A writing shed. Who has such a thing? How ridiculous is that?
Sometimes I catch myself thinking such thoughts. A writing shed? Really? Well, I’ll let you into a secret. I have just expended a massive amount of energy converting an old shed that was used to store coal into a writing retreat. I have a perfectly functional house with three bedrooms. Any one of those could have been converted into a writing space. However, none of the rooms worked so I went outside and created a marvellous writing shed that has transformed so many aspects of my life.
Why is a writing shed so important?
There’s something about setting up a space that is very different from the everyday. If I write in the kitchen and look up, my eyes alight on washing up or start wondering what I shall cook later. Then I might notice something that needs a dust. Basically my head is in domestic mode and personally I find it hard to be creative. Yet, for others it works fabulously. How many storied have I read where harassed mothers have scribbled between domestic duties and writing a successful three act play. Yes, it can be done but I need peace and quiet and an element of isolationism. Check out these amazing sheds to write in.
What constitutes the perfect writing shed?
In my experience somewhere quiet, with plenty of wood panelling of one sort or another is key. I made the decision that everything in the writing shed was going to be reclaimed and repurposed as far as was possible. The building itself was erected in the early 20th century and is typical northern red brick in construction. It was a small room next to what used to be the outside lavatory. That is such an old-fashioned word. When I first opened the wooden doors there was an earth floor, the walls were painted a very unprepossessing cloudy blue and black cobwebs festooned the ceiling. Although it had been empty when I moved in I had filed it with junk. You know the kind of stuff you hope might come in handy one day.
Constructing the writing shed was a risk
Honestly I had no real idea what the finished result might look like. All I knew is that an old window removed from the house would be a starting point and the plan should evolve from there. Builders hate that kind of approach. They like a list of jobs and a plan. They hate creative and evolution – oh well! So in went the window and then the job of cladding the walls with old scaffold boards began. When that was complete I decided to take out the door of the old loo and brick it up. The bricks we used were old ones form the inside of the writing shed. They were all covered in old paint. Actually I can’t believe how amazing they look and it’s now considered ‘a feature’. Of course you can create something new from scratch or even invest in a summerhouse.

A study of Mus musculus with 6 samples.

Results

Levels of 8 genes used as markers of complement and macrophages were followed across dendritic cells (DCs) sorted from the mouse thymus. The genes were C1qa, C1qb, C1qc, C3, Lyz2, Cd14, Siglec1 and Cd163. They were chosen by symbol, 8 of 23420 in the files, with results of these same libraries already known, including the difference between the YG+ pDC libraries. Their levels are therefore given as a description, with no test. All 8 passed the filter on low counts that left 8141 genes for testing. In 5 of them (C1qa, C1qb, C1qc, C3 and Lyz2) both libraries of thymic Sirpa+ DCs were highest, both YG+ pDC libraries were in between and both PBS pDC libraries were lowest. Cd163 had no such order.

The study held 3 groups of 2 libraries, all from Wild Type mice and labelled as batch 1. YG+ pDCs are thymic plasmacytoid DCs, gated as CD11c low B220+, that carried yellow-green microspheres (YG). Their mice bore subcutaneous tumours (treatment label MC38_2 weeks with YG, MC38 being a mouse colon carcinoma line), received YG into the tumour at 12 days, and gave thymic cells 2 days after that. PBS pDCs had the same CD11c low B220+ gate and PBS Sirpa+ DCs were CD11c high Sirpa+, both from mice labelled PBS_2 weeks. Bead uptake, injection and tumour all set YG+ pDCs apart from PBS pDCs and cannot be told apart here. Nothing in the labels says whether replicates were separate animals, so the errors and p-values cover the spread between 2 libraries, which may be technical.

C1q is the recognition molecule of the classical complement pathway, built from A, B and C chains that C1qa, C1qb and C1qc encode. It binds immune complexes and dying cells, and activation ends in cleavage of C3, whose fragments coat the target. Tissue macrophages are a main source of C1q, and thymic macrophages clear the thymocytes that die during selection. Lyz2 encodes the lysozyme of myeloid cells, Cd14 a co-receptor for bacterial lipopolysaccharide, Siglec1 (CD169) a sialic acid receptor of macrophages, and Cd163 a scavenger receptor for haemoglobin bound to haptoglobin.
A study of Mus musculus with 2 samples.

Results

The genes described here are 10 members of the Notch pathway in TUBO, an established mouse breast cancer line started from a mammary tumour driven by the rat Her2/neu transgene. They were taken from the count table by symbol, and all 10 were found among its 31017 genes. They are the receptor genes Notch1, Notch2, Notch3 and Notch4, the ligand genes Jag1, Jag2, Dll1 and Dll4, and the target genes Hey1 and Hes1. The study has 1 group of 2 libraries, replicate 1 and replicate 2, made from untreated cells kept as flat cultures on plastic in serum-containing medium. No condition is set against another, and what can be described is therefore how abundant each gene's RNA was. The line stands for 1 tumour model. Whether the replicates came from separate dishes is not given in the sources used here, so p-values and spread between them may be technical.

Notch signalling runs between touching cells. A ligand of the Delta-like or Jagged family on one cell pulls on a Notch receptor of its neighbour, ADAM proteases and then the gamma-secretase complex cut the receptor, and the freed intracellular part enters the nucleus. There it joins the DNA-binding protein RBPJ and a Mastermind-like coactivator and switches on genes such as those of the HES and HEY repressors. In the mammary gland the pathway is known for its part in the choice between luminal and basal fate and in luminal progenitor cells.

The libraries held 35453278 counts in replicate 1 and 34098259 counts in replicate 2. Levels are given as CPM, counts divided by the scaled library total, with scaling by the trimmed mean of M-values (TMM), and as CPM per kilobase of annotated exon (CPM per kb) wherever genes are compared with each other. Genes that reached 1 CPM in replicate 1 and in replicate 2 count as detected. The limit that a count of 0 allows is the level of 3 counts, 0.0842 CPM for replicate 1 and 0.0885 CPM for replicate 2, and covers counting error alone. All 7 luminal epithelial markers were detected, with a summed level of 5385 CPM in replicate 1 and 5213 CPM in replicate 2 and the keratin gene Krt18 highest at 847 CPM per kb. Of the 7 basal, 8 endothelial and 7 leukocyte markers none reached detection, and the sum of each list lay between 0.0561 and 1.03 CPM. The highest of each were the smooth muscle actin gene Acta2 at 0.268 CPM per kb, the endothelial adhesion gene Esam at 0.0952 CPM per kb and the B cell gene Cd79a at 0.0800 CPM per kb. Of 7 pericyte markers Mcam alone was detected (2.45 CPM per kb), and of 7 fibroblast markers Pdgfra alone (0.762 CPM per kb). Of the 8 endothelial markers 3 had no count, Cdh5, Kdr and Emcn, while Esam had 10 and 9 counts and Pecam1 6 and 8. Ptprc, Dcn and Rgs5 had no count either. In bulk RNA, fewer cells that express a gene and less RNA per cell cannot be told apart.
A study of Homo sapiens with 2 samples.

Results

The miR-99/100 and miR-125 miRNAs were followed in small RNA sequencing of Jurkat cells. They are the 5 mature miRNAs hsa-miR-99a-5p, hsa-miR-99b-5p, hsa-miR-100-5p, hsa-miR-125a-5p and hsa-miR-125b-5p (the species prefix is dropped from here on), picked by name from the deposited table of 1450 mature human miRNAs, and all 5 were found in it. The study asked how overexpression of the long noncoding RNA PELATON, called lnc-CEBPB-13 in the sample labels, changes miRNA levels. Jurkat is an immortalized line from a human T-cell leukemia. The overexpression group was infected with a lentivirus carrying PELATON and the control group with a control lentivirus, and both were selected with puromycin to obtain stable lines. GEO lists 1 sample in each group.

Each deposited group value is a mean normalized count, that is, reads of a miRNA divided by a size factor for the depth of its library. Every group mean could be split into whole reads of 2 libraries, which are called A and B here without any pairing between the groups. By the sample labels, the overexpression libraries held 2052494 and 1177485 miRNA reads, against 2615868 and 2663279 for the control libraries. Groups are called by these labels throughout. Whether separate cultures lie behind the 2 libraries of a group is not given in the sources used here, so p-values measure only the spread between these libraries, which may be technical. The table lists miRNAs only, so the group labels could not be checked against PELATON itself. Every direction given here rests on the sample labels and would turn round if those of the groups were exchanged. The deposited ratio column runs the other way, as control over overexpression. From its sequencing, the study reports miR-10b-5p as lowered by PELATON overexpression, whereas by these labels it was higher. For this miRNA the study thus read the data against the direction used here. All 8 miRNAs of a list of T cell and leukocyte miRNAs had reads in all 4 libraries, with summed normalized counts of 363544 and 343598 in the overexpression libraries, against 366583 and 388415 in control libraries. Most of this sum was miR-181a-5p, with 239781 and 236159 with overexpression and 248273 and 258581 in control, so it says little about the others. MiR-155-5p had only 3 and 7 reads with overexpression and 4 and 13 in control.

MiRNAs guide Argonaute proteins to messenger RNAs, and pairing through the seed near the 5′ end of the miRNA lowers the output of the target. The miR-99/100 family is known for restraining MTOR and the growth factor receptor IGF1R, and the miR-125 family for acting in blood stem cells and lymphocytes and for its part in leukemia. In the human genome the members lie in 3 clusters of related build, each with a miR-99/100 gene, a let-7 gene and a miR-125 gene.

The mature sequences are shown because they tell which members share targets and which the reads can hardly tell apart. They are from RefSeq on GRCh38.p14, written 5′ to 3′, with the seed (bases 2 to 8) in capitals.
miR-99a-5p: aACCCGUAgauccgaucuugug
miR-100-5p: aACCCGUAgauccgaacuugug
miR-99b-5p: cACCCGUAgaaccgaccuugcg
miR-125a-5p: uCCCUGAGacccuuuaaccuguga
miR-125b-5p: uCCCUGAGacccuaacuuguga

Why does a writing shed work?
Every morning I go out to the writing shed very early. Sometimes it’s only just light. My desk is two scaffold boards screwed together and it’s been polished to within an inch of its life! I love it. I watch dawn break through the window and I am at ground level with the garden so my view is green. It’s totally silent. The wood cladding helps to insulate the shed from noise and draughts. I wrote my journal there in complete silence and no one and nothing disturbs me. I don’t think about anything except the task in hand and my day. I work out all my anxieties, problems and things that keep going through my mind. It totally keeps me on the right track.
How does journal writing affect my creativity?
Firstly, having a place to focus is great discipline. It means I have a set time in a ritualised form where I take in a herbal infusion and start writing and journaling. In July I planned a book that actually I had previously never thought about. I worked out the chapters in one go and made a start. That book is Create, Work, Earn and it’s published in October. Without my writing shed and my journaling I don’t think I would have been able to discipline my creativity in this way. It’s vital time to think, to contemplate, to make plans and also to dream.
Creativity, practicality and happiness
Whenever I enter my writing shed I feel happy; it’s an incredibly welcoming space. I know why I am there and I am never distracted by anything. I don’t use my phone or laptop. I don’t eat or read anything other than poetry and writing books. I have populated it with things that mean a lot to me. There are curios, paperweights, collections of shells, rocks, stones and fossils. I have wind chimes, lanterns, candles and plants. Many postcards adorn the walls and wherever I can, I have buffed and polished so the old wood shines. Finally, it’s my space. I have total control. Noone is invited in there for any other reason than a quick cuppa.
Affirmative action is required
To conclude, we all have to acknowledge what’s important to us and we should not be afraid to invest creativity, thought, artistry and love into things we value. You can find more exciting writing shed ideas on Pinterest. To end, tell me, where do you write and what works best for you?
If you want to order a copy of Create, Work Earn you can do that right here.